About this blogger:
Veronica Brandt holds a Bachelor Degree in Electrical Engineering. As editor, she has produced fine publications (as well as valuable reprints) dealing with Gregorian chant, hymnody, Latin, and other subjects. These publications are distinguished on account of their tastefulness. She lives in the Blue Mountains near Sydney, Australia, with her husband Peter and five children.
Connect on Facebook:
Connect on Twitter:
“I vividly remember going to church with him in Bournemouth. He was a devout Roman Catholic and it was soon after the Church had changed the liturgy (from Latin to English). My grandfather obviously didn't agree with this and made all the responses very loudly in Latin while the rest of the congregation answered in English. I found the whole experience quite excruciating, but my grandfather was oblivious. He simply had to do what he believed to be right.”
— Simon Tolkien (2003)

Learning Latin in the new millennium
published 30 August 2014 by Veronica Brandt

Ave Maria cards HAT BETTER WAY TO SPEND A Saturday than by preparing lessons for next week. There is a common misunderstanding that teachers have short working days and lots of holidays, but any teacher will tell you that the preparations make up for that completely.

They are right.

I have posted before about my attempts teaching a little Latin to children in order to understand the prayers we sing in choir. We have made flashcards, had class quizzes, played bingo, made crossword puzzles, all to try to reach that point where I can ask a child “What does Sanctus mean” to hear the reply “Holy”.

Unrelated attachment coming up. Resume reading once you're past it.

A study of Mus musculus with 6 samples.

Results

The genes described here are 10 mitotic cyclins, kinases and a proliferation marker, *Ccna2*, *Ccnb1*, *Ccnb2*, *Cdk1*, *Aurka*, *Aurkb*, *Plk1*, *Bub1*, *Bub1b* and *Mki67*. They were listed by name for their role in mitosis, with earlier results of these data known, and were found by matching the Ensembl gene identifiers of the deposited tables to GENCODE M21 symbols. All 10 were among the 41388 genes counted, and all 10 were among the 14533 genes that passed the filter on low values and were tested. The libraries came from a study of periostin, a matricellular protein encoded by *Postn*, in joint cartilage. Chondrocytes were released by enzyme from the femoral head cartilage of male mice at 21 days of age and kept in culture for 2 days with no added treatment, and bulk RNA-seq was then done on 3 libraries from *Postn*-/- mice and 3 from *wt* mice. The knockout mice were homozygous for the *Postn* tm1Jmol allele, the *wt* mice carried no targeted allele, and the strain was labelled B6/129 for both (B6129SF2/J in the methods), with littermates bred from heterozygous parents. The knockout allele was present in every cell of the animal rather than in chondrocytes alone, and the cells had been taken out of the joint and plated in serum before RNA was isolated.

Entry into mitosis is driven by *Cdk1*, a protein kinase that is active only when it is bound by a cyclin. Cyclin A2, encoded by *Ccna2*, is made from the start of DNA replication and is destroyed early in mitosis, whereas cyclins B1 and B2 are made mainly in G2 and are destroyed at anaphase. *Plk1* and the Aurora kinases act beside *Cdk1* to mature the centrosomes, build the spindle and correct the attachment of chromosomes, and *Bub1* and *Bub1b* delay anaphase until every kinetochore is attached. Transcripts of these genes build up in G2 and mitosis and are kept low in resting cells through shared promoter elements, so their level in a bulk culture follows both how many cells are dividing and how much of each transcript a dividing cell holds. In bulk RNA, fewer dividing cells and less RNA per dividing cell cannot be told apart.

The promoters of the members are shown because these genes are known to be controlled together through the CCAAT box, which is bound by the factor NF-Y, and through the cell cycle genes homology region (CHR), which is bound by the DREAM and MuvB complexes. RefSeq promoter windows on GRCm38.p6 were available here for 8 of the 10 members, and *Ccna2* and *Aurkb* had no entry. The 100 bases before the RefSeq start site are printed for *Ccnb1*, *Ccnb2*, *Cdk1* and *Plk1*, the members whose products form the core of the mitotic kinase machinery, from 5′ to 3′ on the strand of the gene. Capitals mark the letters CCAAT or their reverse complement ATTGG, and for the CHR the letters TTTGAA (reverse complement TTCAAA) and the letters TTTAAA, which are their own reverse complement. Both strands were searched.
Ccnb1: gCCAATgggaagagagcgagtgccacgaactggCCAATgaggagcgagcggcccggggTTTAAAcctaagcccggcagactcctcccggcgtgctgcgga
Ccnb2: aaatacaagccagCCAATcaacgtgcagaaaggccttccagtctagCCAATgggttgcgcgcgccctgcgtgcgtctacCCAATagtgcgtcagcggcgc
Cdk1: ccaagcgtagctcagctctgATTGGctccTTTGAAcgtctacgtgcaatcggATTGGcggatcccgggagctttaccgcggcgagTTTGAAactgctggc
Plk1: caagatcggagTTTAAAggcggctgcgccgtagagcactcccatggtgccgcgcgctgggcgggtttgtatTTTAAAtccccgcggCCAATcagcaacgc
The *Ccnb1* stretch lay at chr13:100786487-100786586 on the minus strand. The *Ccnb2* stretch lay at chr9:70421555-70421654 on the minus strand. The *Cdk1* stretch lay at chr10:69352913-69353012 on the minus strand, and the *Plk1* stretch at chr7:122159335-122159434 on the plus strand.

Memrise That wonderful goal – Psallite sapienter – praying with understanding. To see young children catch a glimpse of the amazing reality of prayer, that is the aim.

These two photos show two very different approaches. One shows old fashioned cards with my own handwritten Latin illustrated with pictures cut from old calendars and magazines. This was surprisingly effective, with the younger class insisting on laying them all out in order, checking what each one meant.

The other photo shows a screenshot from a online course on memrise which is much the same sort of thing, except in a shiny webpage.

Memrise uses spaced repetition to make sure each new piece of information soaks into your brain. It sends out reminders by email to return and reinforce vocabulary little by little, bit by bit. It has the patience of a mindless computer, enhanced by ultra-cute design and social features to help keep you engaged.

I put together the course on the Salve Regina fairly quickly over the space of a few hours. It was very easy to add terms and then record audio for each one. One of my sons was curious so I set him up to try it out. He wasn’t very enthusiastic – it seems there is a certain demographic that requires explosions and fast cars to really pull them in, but even he completed the given session. It is made to be very easy to take.

So, there you go. Two ideas for learning the Latin of prayers. Neither is very exhausting or exhaustive. They simply show how one word corresponds to another in meaning. They won’t turn out Latin scholars, but maybe this is the sort of ground work that makes later studies a little easier.

And maybe help someone answer the perennial question “What does Sanctus mean?”